30' plywood sharpie

Discussion in 'Boat Design' started by davesg, Nov 4, 2009.

  1. troy2000

    Perhaps you'd like to come over and read them to me then, if you have no problem with them.

    Maybe the illustrations are a little clearer or larger in the editions you have. But I've been buying books with boat plans in them for probably thirty years, and these are the first ones I've ever owned that I can't read.

    And yes, I think I've mentioned at least twice now that I was going to try to enlarge them with a copier when I get back to work. If the images in the books are sharp enough, that'll work.
     
  2. gonzo

    I have a 1969 edition and the offsets and plans are really clear.
     
  3. troy2000

    I'm not sure what year these are. They're both published by Norton. The latest copyright renewal in the Boatbuilding book is 1994, with a forward by Jon Wilson, founder of Woodenboat Magazine. The other one has nothing in it but the original 1951 copyright date. But it's obviously a new edition.

    They're both much smaller than the editions I remember looking at years ago in a bookstore. Those were about the size of my laptop, like the editions I have of books by John Gardner, Edwin Monk and others.
     
  4. gonzo

    That sucks
     
  5. troy2000

    I agree. Somehow, taking plans that were probably originally drawn on 22"x30" sheets, and fitting them onto a 6"x9" book page printed on fairly coarse paper, does something to the legibility...
     
  6. Earl Boebert

    I'd suggest scanning them at 1200 dpi with the scanning software set for color photographs (I strongly recommend VuScan). Then you can use a graphics program to reduce the intensity of the paper colors and increase the intensity of the ink colors. I've succeeding in bringing up some really reduced plans that way.

    Just a thought.

    Cheers,

    Earl
     
  7. kayaker50

    I know what you mean about the print being damm small. There are several offset tables in the very back of American Small Sailing Craft which are larger than the offsets in the text. But I agree, it should be a coffe table size book! Chip.
     
  8. troy2000

    That's a good suggestion.

    There's a fancy copy/fax/email/scan thingie the size of a desk in the front office where I work. Starting tomorrow evening, I'll be working three 12-hour graveyard shifts; with a little bit of luck I can get out of the control room long enough to play with it. Then I can email the results to myself, and tweak the pics at my leisure.

    Or I may not even have to do all that; with a little more luck, just a straight copy enlargement might do the trick. But it's nice to have the option.

    Several years ago when I was looking at Woodenboat's reconstruction of Egret, I took the book with the study plan down to a copy center. The gal fiddled with her machines for a while until she was able to hand me some beautifully legible copies of the study plan, blown up to a scale of precisely 1"=1'-0". Then she charged me only for those copies, and wouldn't even let me pay her for the trial runs where she had wasted paper adjusting her settings.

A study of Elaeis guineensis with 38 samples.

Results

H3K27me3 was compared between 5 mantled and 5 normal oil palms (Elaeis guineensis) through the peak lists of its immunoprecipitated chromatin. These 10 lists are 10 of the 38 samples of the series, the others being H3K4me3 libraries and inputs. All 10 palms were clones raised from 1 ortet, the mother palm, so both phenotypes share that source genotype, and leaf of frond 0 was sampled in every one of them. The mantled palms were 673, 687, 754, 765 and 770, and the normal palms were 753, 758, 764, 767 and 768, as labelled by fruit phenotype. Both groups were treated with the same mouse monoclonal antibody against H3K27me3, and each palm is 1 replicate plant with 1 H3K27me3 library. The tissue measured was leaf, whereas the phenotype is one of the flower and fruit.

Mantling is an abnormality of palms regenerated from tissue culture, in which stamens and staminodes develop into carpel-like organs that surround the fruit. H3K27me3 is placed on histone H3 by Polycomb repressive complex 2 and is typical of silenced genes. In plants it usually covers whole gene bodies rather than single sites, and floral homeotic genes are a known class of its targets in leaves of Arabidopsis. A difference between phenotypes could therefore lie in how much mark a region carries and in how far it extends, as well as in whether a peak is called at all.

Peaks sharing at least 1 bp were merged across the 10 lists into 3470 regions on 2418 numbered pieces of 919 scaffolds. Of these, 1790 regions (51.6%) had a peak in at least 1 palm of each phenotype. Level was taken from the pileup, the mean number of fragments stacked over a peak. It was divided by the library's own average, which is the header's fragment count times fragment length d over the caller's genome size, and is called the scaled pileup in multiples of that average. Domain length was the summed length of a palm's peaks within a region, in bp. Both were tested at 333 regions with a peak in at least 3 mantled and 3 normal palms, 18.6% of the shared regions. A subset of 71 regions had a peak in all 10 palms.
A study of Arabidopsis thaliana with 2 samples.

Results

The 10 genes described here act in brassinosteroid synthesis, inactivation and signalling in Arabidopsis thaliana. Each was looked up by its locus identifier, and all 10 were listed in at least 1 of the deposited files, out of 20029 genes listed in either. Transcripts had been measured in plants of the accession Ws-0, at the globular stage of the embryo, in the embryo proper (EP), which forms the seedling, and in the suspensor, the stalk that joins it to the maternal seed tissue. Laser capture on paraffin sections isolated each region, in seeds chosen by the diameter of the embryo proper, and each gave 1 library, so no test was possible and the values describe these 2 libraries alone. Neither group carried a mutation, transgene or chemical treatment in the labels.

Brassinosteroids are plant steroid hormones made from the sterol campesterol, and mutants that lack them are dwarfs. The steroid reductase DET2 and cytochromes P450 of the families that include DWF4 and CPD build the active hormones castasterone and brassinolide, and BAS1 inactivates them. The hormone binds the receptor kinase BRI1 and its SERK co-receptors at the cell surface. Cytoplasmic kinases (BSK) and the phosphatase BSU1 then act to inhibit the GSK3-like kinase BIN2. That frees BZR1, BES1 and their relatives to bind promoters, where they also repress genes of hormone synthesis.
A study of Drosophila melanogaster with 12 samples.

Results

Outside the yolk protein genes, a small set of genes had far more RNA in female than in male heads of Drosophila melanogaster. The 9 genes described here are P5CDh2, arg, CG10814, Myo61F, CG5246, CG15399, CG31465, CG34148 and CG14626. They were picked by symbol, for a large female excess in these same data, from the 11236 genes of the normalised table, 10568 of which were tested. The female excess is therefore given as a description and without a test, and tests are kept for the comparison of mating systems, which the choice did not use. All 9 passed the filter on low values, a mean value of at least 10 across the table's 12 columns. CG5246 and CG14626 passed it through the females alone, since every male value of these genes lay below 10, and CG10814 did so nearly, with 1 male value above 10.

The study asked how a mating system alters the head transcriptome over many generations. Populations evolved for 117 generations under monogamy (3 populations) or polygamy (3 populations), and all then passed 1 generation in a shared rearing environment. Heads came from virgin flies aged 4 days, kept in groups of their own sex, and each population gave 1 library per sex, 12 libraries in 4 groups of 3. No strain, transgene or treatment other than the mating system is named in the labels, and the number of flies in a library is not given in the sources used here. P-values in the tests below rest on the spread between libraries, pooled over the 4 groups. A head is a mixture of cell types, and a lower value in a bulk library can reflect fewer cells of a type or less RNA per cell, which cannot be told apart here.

Unfortunately, when I swung by a year or two later the copy shop had been replaced by a bookstore.
     
  9. troy2000

    Another random thought: maybe the reason shaping the bottom of a sharpie hull so it has a flat run forward, a rocker amidships, and a straight or almost straight run aft works so well is because it approximates a shallow parabola?

    Yes, I know....I should post first, then drink.:D
     
  10. wardd

    couldn't you import the image into a cad package and develop xyz dims from 3 views?

    may not be perfect but with some practice close enough

    you'll have to know how to scale the image
     
  11. frank smith

    That maybe be a matter of how they were built . Forward of the center board case they just ran a plank out to the bow . Not terribly complex way to deal with it . Also when looking at a working sharpie remember that they carried a lot of weight aft of the case . So think of them loaded down 4" or more .
     
  12. troy2000

    According to Chapelle and others, sharpie bottoms were quite deliberately shaped that way for performance. It wasn't just happenstance or a byproduct of the construction method.
     
  13. gonzo

    Hey troy2000 if your enlargement doesn't work I can email you a copy of mine.
     
  14. PAR

    You have to remember when Chapelle wrote about sharpies, he was talking about working craft, that often would have a ton or three of oysters or fish to bring home. The shapes used in these sharpies can't be taken for the shapes used in modern craft of similar model. The reason the "run" tucks up fairly quickly is to keep the stern clear when loaded, other wise it'll drag it's butt, which kills speed. Try not to read too much into the lines of these antique craft, without veering too far from what their primary purpose was, because they didn't.
     

  15. troy2000

    Thanks for the offer, gonzo. I'll be at work tonight, and should be able to try copying and enlarging sometime before I get off, unless things get hectic. I'm an operator at a natural gas compressor (pumping) station, and my job pretty much matches the definition of combat sometimes: long periods of boredom, punctuated by moments of sheer terror.